Do I have any issues to worry about in terms of SEO?

I'm thinking particularly whether broken links from other sites to old pages might affect ranking for the new site?

I believe I need to set up a 301 redirect to forward broken links to the new site home page – is this all I need to do?

Any help or pointers appreciated.


If you can, it's a better idea to put the redirects from the old urls to their new equivalent. For any other pages that have no new equivalent or are being discarded, you can either leave those to be 404, or redirect those to the home page.

It's also a good idea to have a custom 404 page for the new version of the site that contains a simplified site map, so that visitors can find their way around when they inevitably do hit a 404.

My experience has been that within a week or so, Google reindexes the new content and the old Urls drop out of search results pretty quickly.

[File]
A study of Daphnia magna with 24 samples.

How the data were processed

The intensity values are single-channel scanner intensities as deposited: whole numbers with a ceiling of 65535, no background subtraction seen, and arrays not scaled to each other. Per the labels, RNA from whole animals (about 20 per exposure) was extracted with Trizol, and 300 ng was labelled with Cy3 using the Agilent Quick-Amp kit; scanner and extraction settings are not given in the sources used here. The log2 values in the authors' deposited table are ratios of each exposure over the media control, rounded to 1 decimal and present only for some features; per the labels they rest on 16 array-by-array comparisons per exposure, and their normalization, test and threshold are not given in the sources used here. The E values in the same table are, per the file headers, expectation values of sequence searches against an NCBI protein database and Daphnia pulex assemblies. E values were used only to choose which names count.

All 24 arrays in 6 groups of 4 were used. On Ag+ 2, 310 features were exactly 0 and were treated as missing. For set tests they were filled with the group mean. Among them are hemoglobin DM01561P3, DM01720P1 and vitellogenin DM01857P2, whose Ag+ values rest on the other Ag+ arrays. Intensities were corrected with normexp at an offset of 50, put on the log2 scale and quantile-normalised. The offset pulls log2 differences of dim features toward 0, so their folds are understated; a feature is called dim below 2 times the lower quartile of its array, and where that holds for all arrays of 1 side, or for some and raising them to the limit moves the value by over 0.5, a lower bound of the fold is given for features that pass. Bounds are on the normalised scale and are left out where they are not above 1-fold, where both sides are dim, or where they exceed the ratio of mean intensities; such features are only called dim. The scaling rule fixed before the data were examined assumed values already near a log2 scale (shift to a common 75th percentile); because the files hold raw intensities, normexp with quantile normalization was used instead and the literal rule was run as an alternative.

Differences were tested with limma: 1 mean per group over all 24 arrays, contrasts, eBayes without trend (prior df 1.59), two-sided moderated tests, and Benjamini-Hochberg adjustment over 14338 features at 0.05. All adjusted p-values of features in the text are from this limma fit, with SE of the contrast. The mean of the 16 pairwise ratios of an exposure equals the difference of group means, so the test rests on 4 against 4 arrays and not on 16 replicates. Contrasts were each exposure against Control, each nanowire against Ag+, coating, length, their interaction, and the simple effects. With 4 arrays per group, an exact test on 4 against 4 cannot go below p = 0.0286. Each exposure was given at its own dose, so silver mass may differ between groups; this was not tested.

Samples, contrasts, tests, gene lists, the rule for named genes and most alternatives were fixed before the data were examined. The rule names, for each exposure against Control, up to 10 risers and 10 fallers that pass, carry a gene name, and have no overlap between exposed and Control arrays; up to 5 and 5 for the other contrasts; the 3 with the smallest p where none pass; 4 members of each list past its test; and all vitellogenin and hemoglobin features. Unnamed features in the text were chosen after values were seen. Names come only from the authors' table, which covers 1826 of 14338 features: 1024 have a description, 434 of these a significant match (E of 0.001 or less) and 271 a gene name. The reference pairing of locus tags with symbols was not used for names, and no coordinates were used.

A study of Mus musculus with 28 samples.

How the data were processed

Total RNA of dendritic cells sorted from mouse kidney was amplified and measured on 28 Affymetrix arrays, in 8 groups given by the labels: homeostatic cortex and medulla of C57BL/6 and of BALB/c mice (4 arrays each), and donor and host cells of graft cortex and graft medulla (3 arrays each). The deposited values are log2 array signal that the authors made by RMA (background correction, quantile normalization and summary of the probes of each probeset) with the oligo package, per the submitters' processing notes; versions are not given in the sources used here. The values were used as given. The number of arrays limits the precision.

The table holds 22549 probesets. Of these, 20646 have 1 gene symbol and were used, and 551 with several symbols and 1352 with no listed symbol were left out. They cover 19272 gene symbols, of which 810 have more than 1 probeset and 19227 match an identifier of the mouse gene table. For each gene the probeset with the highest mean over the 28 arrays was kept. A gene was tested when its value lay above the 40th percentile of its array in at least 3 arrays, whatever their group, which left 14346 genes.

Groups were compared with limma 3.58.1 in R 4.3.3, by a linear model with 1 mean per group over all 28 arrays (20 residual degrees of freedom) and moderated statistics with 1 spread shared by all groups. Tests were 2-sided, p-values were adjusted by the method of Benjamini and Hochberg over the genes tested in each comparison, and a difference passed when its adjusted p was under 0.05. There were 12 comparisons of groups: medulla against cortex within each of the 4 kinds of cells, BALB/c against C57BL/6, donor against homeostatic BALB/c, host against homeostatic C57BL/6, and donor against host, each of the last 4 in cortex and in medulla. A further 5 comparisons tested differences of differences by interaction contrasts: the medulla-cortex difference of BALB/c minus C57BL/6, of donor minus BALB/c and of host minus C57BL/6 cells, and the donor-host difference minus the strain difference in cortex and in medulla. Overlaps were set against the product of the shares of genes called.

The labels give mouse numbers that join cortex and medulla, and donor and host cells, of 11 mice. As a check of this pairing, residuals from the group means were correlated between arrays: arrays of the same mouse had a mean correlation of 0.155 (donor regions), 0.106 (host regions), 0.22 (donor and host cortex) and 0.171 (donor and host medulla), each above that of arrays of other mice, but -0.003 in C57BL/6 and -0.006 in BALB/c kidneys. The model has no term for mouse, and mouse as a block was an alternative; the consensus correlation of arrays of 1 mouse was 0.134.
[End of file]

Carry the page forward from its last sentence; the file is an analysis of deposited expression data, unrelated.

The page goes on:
If you completely replace a site, Google will likely stop sending any traffic to the site for a while and the site will have to start over as far many trust metrics go. It would be advantageous to keep as much content from the old site as possible. Otherwise, Google might just assume that the site was thrown away and is now under new, less reputable, ownership.

There should be some pages that are common between the two sites. For example, most company sites have a "contact us" page. You might also have pages on both the old and new sites for things like

  • privacy policy
  • about the company
  • terms of service
  • business hours

At the very least, use 301 redirects to get visitors from the old URLs to the new in those cases.